Miners’ income from processing transactions on the Ethereum blockchain more than halved in October as the mania for decentralized finance (DeFi) cooled.
- Ethereum users paid $57.49 million in transaction fees in October – down 65% from September's record monthly tally of $166.39 million, according to data source Glassnode.
- "Transaction costs declined as volumes on decentralized exchanges dropped, reducing demand for network's bandwidth," Alex Melikhov, CEO and founder of Equilibrium & EOSDT stablecoin, told CoinDesk.
- Trading volume on decentralized exchanges fell by nearly 25% to $19.4 billion in October to register the first monthly decline since April. The majority of decentralized exchanges (DEXs) are based on Ethereum.
- Further, the maximum "gas" price – paid by participants to transact on Ethereum – declined from 5.18 million gwei to 0.6 million gwei in October, according to data source Bitquery. (A gwei is a billionth of 1 ether.)
- The sharp drop indicates there was less aggressive bidding by market participants for running transactions on the network, according to Denis Vinokourov, head of research at London-based prime brokerage Bequant.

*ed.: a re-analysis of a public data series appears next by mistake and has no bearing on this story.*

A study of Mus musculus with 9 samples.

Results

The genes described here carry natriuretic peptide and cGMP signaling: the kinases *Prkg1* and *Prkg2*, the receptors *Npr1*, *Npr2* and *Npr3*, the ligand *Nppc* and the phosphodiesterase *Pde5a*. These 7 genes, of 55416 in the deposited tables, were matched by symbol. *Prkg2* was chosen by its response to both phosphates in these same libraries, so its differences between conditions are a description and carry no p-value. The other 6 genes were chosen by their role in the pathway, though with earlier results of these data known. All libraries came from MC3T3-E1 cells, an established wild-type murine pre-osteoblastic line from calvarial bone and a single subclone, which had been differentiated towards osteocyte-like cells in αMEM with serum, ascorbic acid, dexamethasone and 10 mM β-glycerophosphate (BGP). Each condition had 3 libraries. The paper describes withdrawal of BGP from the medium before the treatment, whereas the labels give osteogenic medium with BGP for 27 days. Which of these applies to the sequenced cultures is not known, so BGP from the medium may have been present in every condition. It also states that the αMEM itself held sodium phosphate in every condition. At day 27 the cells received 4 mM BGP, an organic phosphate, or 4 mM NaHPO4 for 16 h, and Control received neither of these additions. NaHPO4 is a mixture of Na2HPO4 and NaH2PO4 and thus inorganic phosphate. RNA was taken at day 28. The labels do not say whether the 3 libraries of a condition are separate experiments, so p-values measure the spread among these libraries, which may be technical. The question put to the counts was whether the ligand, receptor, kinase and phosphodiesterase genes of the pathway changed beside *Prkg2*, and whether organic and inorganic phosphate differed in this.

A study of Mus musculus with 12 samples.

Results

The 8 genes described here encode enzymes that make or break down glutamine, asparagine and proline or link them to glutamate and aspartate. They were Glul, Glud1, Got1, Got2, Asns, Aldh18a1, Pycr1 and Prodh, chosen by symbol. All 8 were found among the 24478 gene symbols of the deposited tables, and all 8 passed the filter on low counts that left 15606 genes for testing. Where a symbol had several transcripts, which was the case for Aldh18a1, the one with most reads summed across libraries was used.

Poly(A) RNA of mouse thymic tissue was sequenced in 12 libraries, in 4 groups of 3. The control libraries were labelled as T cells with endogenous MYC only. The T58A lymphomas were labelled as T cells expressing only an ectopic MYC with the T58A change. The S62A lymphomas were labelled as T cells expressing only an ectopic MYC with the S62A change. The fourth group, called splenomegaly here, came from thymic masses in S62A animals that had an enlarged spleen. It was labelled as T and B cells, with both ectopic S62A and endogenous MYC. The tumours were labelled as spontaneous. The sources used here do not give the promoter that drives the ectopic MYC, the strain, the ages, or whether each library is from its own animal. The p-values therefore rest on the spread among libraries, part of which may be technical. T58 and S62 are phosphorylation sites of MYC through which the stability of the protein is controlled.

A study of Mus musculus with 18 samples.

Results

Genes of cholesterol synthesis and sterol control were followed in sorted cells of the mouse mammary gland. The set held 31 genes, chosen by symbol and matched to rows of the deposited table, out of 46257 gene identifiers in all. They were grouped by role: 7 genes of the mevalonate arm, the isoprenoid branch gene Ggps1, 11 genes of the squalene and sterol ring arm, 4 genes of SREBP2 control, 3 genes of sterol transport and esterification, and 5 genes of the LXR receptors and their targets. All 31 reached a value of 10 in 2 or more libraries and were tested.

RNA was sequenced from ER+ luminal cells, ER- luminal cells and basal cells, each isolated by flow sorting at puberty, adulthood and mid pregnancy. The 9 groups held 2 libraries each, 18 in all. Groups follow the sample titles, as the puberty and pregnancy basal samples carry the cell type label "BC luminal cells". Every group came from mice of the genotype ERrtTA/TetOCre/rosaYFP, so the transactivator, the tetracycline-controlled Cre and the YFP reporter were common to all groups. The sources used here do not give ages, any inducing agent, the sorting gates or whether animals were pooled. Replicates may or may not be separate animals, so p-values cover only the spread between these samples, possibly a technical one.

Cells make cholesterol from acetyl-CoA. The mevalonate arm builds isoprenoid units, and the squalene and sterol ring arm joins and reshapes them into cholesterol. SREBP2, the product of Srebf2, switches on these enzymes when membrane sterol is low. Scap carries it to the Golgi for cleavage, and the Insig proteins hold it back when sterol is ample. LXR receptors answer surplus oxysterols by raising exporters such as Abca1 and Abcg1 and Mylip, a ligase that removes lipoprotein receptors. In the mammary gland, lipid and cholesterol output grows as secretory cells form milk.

- Total fees paid had surged from $22 million to $166 million in Q3, as the DeFi space witnessed explosive growth following the launch of COMP governance token by the lending protocol Compound in June.
- Such was the activity in September that ether miners earned over six times more in fees than bitcoin miners.
- And while ethereum miners earned significantly less from fees in October, they still made more than the bitcoin miners, who collected $41.20 million in fees.
Correction (Nov. 4, 2020): An earlier version of this article erroneously attributed the quote to Alex Mashinsky from Celsius. This has been corrected.